In January, the government announced it would propose a “Stop Soros” bill that would essentially impose penalties on organizations supporting illegal immigration. Today, on the eve of the National Assembly kicking off its spring session, undersecretaries Bence Tuzson and Pál Völner announced the government would be submitting a stricter bill than the one previously envisioned, reports 444.hu.
As part of the bill’s “social consultation,” the government opened up the bill to ideas from the general public. According to the government, more than 600 recommendations were submitted. The final product, the government says, is much stricter than the original version, which it claims to be in line with the wishes of Hungarian citizens.
If true (and one must take government claims with a grin of salt), it comes as no surprise as the government has spent billions of forints bombarding Hungarians with xenophobic propaganda conflating migration with terrorism for the past two and a half years.
The most significant change to the bill would require organizations to request permission from the Ministry of the Interior to engage in activities the government believes amount to organizing, supporting or financing migration. Those making such requests would be required to undergo a national security screening.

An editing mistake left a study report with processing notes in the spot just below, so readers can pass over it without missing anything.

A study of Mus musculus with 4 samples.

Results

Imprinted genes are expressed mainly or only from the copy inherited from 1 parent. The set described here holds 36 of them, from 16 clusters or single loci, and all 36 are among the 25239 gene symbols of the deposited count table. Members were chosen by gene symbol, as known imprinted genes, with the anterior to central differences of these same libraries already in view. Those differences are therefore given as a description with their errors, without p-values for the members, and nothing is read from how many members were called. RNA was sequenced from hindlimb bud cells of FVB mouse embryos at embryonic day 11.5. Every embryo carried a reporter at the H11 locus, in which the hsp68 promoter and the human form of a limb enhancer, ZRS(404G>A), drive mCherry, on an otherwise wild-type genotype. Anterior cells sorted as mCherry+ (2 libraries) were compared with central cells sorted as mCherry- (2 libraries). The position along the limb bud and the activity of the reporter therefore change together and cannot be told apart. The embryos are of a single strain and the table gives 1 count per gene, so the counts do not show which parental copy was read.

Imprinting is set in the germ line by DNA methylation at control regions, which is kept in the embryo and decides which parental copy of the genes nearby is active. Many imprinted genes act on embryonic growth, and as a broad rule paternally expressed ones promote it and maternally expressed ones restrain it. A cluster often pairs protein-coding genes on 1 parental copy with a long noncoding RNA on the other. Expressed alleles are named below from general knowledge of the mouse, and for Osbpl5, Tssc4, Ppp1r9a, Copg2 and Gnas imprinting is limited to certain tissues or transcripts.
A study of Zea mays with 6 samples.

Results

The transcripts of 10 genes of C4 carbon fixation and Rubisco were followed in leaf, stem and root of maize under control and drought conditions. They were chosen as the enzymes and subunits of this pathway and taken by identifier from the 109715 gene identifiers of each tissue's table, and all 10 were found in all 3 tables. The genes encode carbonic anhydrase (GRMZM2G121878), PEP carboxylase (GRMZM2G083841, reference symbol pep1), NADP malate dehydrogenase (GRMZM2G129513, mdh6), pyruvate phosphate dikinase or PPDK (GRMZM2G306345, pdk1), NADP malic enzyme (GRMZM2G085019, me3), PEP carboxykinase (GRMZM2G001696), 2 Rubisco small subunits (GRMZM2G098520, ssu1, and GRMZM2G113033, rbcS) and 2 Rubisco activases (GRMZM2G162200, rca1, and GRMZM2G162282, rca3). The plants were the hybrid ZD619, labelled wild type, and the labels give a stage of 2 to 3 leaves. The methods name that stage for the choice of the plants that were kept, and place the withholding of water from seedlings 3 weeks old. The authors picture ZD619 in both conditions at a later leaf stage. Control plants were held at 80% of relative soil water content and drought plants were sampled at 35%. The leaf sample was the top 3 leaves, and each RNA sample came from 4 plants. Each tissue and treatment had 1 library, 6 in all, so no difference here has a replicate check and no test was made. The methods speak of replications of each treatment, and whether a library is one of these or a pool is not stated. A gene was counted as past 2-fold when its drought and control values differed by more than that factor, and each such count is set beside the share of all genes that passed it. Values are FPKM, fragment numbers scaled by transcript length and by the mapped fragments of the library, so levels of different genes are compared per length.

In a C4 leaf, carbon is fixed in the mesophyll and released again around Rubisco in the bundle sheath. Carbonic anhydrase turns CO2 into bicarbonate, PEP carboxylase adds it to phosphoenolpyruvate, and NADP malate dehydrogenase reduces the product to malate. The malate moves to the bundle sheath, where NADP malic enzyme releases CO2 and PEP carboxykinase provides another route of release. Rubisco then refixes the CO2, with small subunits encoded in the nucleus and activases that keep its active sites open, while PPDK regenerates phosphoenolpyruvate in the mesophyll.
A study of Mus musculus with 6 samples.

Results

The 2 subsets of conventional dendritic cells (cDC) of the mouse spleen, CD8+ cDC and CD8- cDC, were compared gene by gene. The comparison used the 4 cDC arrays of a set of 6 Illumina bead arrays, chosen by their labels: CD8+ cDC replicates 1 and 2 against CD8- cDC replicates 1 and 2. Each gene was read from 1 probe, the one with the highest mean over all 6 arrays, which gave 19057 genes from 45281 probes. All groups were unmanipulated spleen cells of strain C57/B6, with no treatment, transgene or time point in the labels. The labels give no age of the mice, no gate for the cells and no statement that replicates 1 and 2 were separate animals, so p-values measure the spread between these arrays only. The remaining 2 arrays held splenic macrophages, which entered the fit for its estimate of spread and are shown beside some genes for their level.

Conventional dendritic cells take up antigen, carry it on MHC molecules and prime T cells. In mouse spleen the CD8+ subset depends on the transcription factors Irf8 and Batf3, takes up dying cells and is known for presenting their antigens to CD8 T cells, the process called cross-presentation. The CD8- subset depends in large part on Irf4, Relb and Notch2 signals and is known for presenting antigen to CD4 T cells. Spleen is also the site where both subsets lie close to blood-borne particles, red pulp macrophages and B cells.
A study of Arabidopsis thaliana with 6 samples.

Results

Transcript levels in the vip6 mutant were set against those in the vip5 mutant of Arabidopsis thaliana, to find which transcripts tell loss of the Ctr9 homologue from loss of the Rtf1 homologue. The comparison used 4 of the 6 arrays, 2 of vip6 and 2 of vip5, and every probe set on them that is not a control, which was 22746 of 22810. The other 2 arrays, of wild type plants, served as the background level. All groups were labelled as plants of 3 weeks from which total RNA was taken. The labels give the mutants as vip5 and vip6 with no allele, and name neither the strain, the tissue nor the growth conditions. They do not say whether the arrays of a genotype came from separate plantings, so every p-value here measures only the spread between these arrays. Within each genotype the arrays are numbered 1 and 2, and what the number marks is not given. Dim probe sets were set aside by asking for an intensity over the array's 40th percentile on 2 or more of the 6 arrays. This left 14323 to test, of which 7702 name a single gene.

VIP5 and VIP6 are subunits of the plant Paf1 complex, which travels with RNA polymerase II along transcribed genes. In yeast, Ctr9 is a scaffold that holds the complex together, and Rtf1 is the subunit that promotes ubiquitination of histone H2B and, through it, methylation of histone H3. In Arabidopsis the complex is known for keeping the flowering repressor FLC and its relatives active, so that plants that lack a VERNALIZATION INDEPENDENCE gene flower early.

In other words, the Hungarian government is proposing that the Ministry of the Interior, led currently by Sándor Pintér, would get to decide which organizations are allowed to undertake which migration-related activities.
Justice ministry undersecretary Pál Völner said the bill would require modifications to the national security law, as Hungary’s state security apparatus would have to perform national security screenings of those applying for permission to engage in such activities.
According to merce.hu, for organizations to undergo national security screenings as part of the permission-request requirement would mean the government would have to tinker with laws requiring two-thirds support in parliament. Fidesz no longer has a supermajority and has already released a statement calling on opposition parties to support the bill.
The two-thirds requirement may be part of Fidesz’s campaign strategy for out-righting Jobbik. A similar situation occurred in 2016, when opposition parties – Jobbik included – voted against an attempt by Fidesz to modify the Fundamental Law (for the seventh time since 2011) to keep refugees out of the country.
Still reeling from revelations that 1,300 asylum-seekers were given protection by the Hungarian state in 2017 (despite the government’s intense propaganda suggesting the opposite), Fidesz may try to use this law to turn the tables on Jobbik.